As we age, our bodies and brains slow down and we may experience mild memory loss (such as forgetfulness), but memory problems that are more progressive can be a result of a condition like Alzheimer’s or vascular dementia.
40 per cent of people over 65 have some type of memory problem but only 15 per cent will develop dementia each year.
Though memory loss is one of the first signs of dementia, between five and 20 per cent of people aged over 65 have mild cognitive impairment (MCI), which is defined as having a worse memory than normal for someone their age, but not seriously enough to impact on daily living. MCI may be an intermediate stage between age-related cognitive change and dementia, although not everyone will go on to develop dementia.
Memory problems can be caused by many different factors. A study by the Columbia Medical Centre (CUMC), discovered that deficiency of a protein called RbAp48, found in the hippocampus area of the brain and responsible for controling memory and emotional response, is a significant contributor of age-related memory loss. However, their study suggests age-related memory loss may be reversible.
Depression, anxiety and stress are other common causes of memory loss. Researchers at the University of Calgary believe that depression and anxiety may cause changes to the brain, causing inflammation to the hippocampus, therefore leading to a decline in cognitive functions.
Other causes include of memory loss include: alcoholism; vitamin B12 deficiency; underactive thyroid; head injury; a virus, such as the herpes simplex virus, that may cause brain inflammation; and, in rarer cases, a brain tumour. Memory loss can also be a short-term symptom of diabetes, when blood sugar levels are too low or too high.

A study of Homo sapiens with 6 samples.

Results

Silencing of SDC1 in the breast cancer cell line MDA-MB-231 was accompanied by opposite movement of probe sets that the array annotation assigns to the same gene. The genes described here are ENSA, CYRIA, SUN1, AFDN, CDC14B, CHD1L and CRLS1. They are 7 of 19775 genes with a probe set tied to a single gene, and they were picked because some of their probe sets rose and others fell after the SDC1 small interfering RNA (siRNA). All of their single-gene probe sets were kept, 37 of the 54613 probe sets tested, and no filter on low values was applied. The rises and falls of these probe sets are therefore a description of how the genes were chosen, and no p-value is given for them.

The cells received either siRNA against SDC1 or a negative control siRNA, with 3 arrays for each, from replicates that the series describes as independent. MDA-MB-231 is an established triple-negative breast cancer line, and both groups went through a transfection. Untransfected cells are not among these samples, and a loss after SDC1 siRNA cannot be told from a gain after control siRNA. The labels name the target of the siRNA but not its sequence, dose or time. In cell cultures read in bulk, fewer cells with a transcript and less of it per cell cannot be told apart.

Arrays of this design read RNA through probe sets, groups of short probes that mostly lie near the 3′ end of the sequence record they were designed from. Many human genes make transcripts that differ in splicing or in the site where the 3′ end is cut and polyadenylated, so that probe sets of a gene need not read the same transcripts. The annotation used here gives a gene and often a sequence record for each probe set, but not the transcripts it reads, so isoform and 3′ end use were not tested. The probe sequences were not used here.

Some medicines can also interfere with memory. Examples include: anti-anxiety medications which have a sedative effect; statins, which are cholesterol-lowering medications; and tricyclic antidepressant medicines, with 35 per cent of those taking it reporting some signs of memory impairment.
Age-related memory loss symptoms include forgetfulness – such as not remembering an appointment, mislaying keys or becoming distracted and forgetting details of a conversation – and sufferers may need more time to process information.
If you’re worried that you or someone you care for has memory problems, visit your GP who will assess the signs of cognitive decline or warning signs for dementia, and make a referral to a memory clinic if need be, where further tests can be done.
Who gets memory loss?
Everyone can experience memory problems at some point, but they are more common in the over 65s.
Treatment for memory loss will depend on the cause. Your doctor may recommend a combination of treatments, including medications such as antidepressants (if you’re suffering with depression, stress or anxiety); or a talking therapy, such as cognitive behavioural therapy (CBT).
Lifestyle factors that may help keep your brain healthy and active include: eating a healthy balanced diet, with foods containing vitamin B12 such as dairy products, eggs, meat and fish; regular exercise; brain games and crosswords, such as Sudoku; stopping smoking; and reducing alcohol consumption.
Recent studies show the Mediterranean Intervention for Neurodegenerative Delay (MIND) diet can help improve brain health. It involves eating a Mediterranean-style diet – including plenty of antioxidant-rich fruit and vegetables, fish, wholegrains, olive oil and nuts, but low in red meat, saturated fats, sugary carbohydrates and fried foods.
Research has shown that omega 3 can be beneficial for cognitive function. A study, published by the Journal of Alzheimer’s Disease, found that omega 3 supplements made significant benefits to memory function compared to a placebo (sugar pill) within a group of healthy 50 to 75 year olds.
Ginkgo biloba and ginseng are often used together to support cognitive function. One study, by the University of Northumbria, found that ginkgo biloba improves concentration while ginseng sharpens memory.